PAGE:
The Mineral County School District announced the first two graduates of the Career Technical Education Program, which has been offered to high school students for over four years. Skylar Tweedy and Romey Hickman were proudly presented their completion certificates from Dennis Samulewski, CTE Administrator for the school district.
Rose Lang was the first teacher to have her student’s complete the CTE program, but she is regretfully retiring and leaving Hawthorne. She took on the program and initiated it well, so she will be missed. Samulewski explained, “In high school, our students have the opportunity to work on a career before graduating. Many of our students need to take advantage of the currently offered five areas of career preparation. They are given a certification, which gives them an additional diploma once graduating. They are prepared to enter the workforce while continuing to work their way through college if they wish. Should they decide to enter the workforce directly, they are already far ahead of their competing students to take on quality jobs with a better than average entry wage. Technical schools are one way to achieve a career which can lead into many other successful areas in life.”
The current programs being offered through the Mineral County School District are administrative services, which is a three year, office and software based curriculum. Construction technology concentrates on trends, state requirements, electrical, concrete, plumbing, framing and three levels of safety, tools and the OCHA standards. Graphic design goes far beyond logos and basic design, taking the student into the areas of Internet and corporate design, portfolios, construction related composition and initiation of custom work. Food and nutrition prepares for the food industry, whether within a regular commercial setting or massive preparation as in hospitals. Family and consumer science encompass the parenting and development classes, sewing and basic skills needed to maintain a living.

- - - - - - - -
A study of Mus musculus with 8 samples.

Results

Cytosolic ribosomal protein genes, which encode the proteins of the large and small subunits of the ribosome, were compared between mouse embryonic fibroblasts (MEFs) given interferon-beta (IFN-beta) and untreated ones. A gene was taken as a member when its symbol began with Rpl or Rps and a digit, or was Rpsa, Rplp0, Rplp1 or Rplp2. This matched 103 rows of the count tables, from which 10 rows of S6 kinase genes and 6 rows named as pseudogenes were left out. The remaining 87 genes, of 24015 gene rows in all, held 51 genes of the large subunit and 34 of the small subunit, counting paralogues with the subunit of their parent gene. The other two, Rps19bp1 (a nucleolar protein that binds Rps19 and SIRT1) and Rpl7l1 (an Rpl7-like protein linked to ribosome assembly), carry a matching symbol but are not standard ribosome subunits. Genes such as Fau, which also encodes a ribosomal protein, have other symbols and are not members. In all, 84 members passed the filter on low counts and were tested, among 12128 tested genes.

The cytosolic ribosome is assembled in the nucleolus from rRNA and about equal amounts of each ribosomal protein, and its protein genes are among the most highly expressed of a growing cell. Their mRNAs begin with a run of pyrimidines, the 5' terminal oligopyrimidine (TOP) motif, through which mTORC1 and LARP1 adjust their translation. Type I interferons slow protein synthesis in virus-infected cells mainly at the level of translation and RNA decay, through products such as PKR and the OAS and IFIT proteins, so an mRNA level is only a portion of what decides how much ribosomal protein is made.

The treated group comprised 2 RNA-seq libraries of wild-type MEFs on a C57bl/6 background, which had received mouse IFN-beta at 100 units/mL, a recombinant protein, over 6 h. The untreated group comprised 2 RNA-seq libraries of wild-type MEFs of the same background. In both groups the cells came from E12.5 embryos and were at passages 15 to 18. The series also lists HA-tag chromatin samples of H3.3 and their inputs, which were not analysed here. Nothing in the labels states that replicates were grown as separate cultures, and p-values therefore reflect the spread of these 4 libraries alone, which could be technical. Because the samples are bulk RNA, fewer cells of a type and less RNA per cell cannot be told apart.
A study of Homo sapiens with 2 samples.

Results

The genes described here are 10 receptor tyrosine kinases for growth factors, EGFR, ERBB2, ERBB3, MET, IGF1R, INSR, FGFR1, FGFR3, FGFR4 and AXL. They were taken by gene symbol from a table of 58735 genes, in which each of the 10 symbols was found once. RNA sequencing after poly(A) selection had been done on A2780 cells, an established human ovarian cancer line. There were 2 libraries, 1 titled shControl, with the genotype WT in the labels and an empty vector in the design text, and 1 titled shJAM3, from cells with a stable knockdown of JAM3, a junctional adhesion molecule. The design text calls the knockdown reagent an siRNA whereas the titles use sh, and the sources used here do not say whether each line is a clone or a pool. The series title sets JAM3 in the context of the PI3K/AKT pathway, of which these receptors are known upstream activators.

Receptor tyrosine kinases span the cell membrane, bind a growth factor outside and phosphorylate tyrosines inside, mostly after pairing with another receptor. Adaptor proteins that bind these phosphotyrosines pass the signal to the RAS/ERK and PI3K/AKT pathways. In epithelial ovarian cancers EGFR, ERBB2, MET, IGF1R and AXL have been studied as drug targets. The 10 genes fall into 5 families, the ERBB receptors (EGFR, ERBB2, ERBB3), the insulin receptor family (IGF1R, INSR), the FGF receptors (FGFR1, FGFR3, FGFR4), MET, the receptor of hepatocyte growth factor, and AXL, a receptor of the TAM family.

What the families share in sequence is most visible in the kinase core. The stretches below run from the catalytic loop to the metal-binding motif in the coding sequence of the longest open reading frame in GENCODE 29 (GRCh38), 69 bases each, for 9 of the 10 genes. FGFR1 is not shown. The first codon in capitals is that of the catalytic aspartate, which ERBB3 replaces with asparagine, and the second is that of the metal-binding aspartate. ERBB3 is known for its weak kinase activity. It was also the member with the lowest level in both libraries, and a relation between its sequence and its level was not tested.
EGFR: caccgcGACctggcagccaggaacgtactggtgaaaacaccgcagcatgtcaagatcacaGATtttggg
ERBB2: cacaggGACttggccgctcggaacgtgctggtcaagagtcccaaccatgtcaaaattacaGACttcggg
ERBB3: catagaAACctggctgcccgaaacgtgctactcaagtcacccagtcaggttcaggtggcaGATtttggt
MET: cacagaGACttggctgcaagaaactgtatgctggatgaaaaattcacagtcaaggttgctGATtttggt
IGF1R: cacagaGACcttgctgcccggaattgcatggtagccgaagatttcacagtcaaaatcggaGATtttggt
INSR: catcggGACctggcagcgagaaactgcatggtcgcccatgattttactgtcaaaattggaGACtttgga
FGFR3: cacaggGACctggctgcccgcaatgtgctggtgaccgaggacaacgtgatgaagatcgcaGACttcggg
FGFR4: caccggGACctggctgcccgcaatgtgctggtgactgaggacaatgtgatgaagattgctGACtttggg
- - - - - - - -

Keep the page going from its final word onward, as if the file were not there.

A community liaison assists in the programing which includes internship for work credits of 60 hours. There is an employee skills test and trade requirements to follow before graduating, but it is well worth the results once completed.
“These students are not equal to the average worker coming out of high school,” Samulewski shared. “They have immersed themselves in the proper education to rise above the competition. They know how to interview, how to choose employers by compatibility, how to research and apply for the jobs they want and go to the companies seeking their skill set. The program is beginning to take hold and has the endorsement of our school leaders and counselor, John Gavin. The State of Nevada administrates the program but it has national funding. The Junior High School students have also expressed an interest in becoming involved at an earlier age, which is being reviewed. Also on the review table is the possibility of a nursing program with the assistance of the local hospital. Transitioning students into this mindset of “education toward a career” is giving them an excellent launching pad. It can only create good things for this community’s future.”